On a recent trip to Africa, I was struck by the remarkable ability of safari guides to point out even the tiniest and most camouflaged flowers, birds and animals. "How in the world did they ever find that?" I thought.
The answer, of course, is that these guides have expert knowledge of the area and have developed a few useful tricks of the trade along the way.
The same is true for astronomers. People are often amazed by my ability to find things among a seemingly random maze of stars. Of course, I have expert knowledge of the sky as well as decades of practice, but that's not the whole secret.
To excel at stargazing, we must first understand how human vision works so we can maximize the power of our eyesight.
One of my secrets is to use a process we've all experienced: dark adaptation. You know how tough it can be to find your way to your seat when you enter a movie theater on a sunny day. But after spending time in the darkened theater, finding your way in the room is no challenge. That's because, in darkness, our pupils dilate to allow in more light. This process takes time — often more than 20 minutes — but it does eventually happen.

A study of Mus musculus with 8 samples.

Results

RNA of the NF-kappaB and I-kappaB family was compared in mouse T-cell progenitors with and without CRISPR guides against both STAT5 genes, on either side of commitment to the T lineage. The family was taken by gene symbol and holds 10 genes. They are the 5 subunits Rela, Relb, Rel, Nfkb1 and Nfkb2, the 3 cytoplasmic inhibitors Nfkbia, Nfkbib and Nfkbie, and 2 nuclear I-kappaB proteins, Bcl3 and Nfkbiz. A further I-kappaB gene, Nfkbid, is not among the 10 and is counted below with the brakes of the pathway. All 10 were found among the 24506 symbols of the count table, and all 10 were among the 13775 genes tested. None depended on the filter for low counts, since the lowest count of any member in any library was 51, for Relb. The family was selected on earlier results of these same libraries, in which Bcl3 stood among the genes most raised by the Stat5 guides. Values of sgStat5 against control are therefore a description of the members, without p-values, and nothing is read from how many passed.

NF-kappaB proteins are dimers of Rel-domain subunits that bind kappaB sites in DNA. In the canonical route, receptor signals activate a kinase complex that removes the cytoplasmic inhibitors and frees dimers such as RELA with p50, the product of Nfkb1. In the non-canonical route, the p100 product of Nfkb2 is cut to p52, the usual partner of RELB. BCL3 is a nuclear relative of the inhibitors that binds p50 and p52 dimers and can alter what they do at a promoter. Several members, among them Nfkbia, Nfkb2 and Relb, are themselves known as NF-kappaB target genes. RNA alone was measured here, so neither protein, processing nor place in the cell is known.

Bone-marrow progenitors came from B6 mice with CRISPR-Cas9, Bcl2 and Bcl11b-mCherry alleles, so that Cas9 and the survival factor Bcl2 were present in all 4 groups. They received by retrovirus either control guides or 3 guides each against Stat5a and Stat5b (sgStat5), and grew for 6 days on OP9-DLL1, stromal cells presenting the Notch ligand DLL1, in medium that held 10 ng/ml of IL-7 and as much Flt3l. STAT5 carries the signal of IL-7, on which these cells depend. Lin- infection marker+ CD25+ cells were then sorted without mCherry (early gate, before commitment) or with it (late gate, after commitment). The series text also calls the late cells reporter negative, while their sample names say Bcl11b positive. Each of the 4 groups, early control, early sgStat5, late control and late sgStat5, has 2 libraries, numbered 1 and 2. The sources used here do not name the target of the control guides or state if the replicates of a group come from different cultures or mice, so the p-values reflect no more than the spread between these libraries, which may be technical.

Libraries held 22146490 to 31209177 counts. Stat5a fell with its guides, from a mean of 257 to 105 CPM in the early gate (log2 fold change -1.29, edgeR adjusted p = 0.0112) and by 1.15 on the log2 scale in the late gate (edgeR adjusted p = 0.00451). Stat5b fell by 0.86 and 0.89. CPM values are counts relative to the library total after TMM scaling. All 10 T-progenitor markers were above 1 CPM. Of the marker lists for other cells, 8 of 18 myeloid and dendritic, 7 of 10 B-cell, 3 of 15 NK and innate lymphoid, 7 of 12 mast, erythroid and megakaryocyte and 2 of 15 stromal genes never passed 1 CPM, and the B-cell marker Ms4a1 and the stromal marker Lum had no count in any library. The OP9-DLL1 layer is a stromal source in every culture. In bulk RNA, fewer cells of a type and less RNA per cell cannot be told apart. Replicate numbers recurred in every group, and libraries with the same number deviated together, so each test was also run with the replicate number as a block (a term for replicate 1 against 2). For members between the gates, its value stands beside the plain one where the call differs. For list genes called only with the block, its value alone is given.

Step back onto the sunny street again, however, and the sudden shift from dark to light can be stunning. Yet within seconds you're seeing normally again.
Astronomers always allow plenty of time for this process to occur before they begin observing. Once dark adaptation is completed, they protect their night vision by using red light when finding their way around or when using star maps or log books.
Another astronomer trick is something called averted vision. The sensors at the center of the retina are known as cones; they see colors quite well, but only under bright lighting conditions. Only rods — the gray sensors surrounding the cones — can see in faint light, but they do so at the expense of color.
In order to see faint celestial smudges more clearly, astronomers use their rods by glancing off to the side of dim objects.
Try out these techniques in a very dark environment. Allow yourself to become fully dark adapted by avoiding white light. Take a flashlight with you that is covered with red cellophane, or get yourself a red LED flashlight. Then, find some faint objects in the sky and avert your vision to see them.
For viewers located in the Northern Hemisphere, one of the best ways to test these techniques is in the northern sky: the Little Dipper. Choose one of its faintest stars and force yourself to stare directly at it. What happens? It vanishes. That's because you're trying to force the cones to work; gaze slightly off to the side of the star and let the rods do the work, and you'll see the star.
Unless you're an astronomer, you probably weren't aware of the tricks used by us "night people." But you are now. So no more excuses — get out there and enjoy those feeble photons raining down upon us from afar!